Pictured, a young rider competing in Horsepark’s Grand Prix grass ring during better times.
At the June 8th meeting, the 22nd DAA board unanimously voted to instruct staff to prepare an RFP to turn Horsepark operations over to an independent third party. As you may recall, the 22nd DAA shut down Horsepark at the end of 2020 citing water quality remediation costs even though it appeared that no shutdown was necessary.
The resultant contract from this RFP would essentially be a medium to long term ground lease with the operator running any and all operations and paying some agreed to amount back to the 22nd DAA. The operator would also have to pay all costs related to water quality remediation and allow the 22nd DAA to turn the entire property into a parking lot during the annual three week fair, as they’ve been doing since the 22nd DAA bought Horsepark. The RFP is expected to be issued by mid July with responses due by the end of July.
Having a competent for profit commercial operator run Horsepark brings up the possibility of Horsepark being marketed for many other uses in addition to equestrian shows. Examples might include other animal shows, such as dog shows, a farmer’s market, low key concerts, a permanent dog park, and permanent restaurants. The property is so big and well situated, you can let your imagination run wild. With a motivated high energy leader, Horsepark could be turned into a jewel by the sea. While the RFP will undoubtedly be looking for an operator interested in running other kinds of event and activities, hopefully they will also put a premium on an operator willing to invest money into the venue. If it is simply used as is, it will be a missed opportunity.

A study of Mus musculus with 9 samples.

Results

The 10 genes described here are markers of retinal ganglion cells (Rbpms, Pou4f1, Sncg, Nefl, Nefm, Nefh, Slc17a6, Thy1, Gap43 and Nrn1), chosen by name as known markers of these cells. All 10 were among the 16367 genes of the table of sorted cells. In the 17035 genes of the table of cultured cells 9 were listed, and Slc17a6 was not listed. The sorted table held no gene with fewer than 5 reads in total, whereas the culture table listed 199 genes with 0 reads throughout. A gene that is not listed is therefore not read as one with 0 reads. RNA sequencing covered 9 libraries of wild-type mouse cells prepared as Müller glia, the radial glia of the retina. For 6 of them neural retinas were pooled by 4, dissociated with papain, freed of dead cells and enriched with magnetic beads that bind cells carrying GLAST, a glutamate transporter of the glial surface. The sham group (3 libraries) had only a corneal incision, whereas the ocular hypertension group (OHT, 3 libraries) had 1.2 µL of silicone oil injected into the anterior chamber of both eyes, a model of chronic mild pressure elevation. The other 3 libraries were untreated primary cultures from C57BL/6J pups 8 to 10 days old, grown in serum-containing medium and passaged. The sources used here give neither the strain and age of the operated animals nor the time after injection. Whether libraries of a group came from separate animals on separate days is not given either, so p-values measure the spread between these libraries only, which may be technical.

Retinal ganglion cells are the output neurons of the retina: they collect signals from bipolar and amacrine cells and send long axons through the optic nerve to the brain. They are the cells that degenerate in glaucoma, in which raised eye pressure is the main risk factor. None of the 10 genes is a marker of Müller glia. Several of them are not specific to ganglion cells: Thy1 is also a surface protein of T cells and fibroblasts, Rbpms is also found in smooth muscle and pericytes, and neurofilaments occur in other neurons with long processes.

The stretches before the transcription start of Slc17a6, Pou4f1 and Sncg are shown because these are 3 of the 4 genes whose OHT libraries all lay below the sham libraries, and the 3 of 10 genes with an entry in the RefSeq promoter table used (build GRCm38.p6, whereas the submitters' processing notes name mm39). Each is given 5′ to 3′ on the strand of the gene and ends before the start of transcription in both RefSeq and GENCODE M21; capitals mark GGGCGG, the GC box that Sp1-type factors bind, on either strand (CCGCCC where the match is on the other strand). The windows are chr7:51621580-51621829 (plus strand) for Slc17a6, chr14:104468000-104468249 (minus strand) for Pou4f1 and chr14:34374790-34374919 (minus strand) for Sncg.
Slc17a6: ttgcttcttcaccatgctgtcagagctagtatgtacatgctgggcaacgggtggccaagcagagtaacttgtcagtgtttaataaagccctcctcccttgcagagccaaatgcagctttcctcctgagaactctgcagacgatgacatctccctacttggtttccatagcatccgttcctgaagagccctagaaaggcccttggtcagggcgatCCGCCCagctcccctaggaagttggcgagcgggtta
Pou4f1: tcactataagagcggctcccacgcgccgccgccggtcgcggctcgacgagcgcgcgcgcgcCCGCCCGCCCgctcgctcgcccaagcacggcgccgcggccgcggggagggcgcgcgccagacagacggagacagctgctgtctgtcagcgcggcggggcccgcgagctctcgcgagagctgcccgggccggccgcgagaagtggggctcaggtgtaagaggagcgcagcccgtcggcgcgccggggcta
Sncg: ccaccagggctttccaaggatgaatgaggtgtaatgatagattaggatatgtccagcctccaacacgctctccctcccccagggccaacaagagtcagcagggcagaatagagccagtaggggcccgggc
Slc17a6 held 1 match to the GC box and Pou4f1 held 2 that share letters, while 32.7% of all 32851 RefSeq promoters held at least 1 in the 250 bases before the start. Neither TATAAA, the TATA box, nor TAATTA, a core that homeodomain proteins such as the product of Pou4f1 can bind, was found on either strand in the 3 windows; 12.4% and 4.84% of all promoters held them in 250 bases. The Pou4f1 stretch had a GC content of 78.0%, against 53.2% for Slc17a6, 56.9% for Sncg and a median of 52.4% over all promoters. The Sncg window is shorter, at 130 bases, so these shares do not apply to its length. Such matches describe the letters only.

I talked to two potential bidders and they are both very happy the 22nd DAA has decided to go the RFP route. Dale Harvey said Horsepark should be considered like a public park and used in that way. Ali Nilforushan said he was beyond happy about the decision and that his mind was racing at 100 miles an hour thinking of all the possible uses for the facility. Both are experienced equestrian show operators.
The devil will be in the details. Will the 22nd DAA give access to equipment such as tractors to maintain Horsepark? How long a lease term are they envisioning? What happens if either side terminates the lease? These finer points will likely be negotiated once an operator is selected. Hopefully losing bidders won’t challenge the award which would delay getting Horsepark back to operation.
Click here to read the 22nd DAA staff report recommending the issuance of the RFP.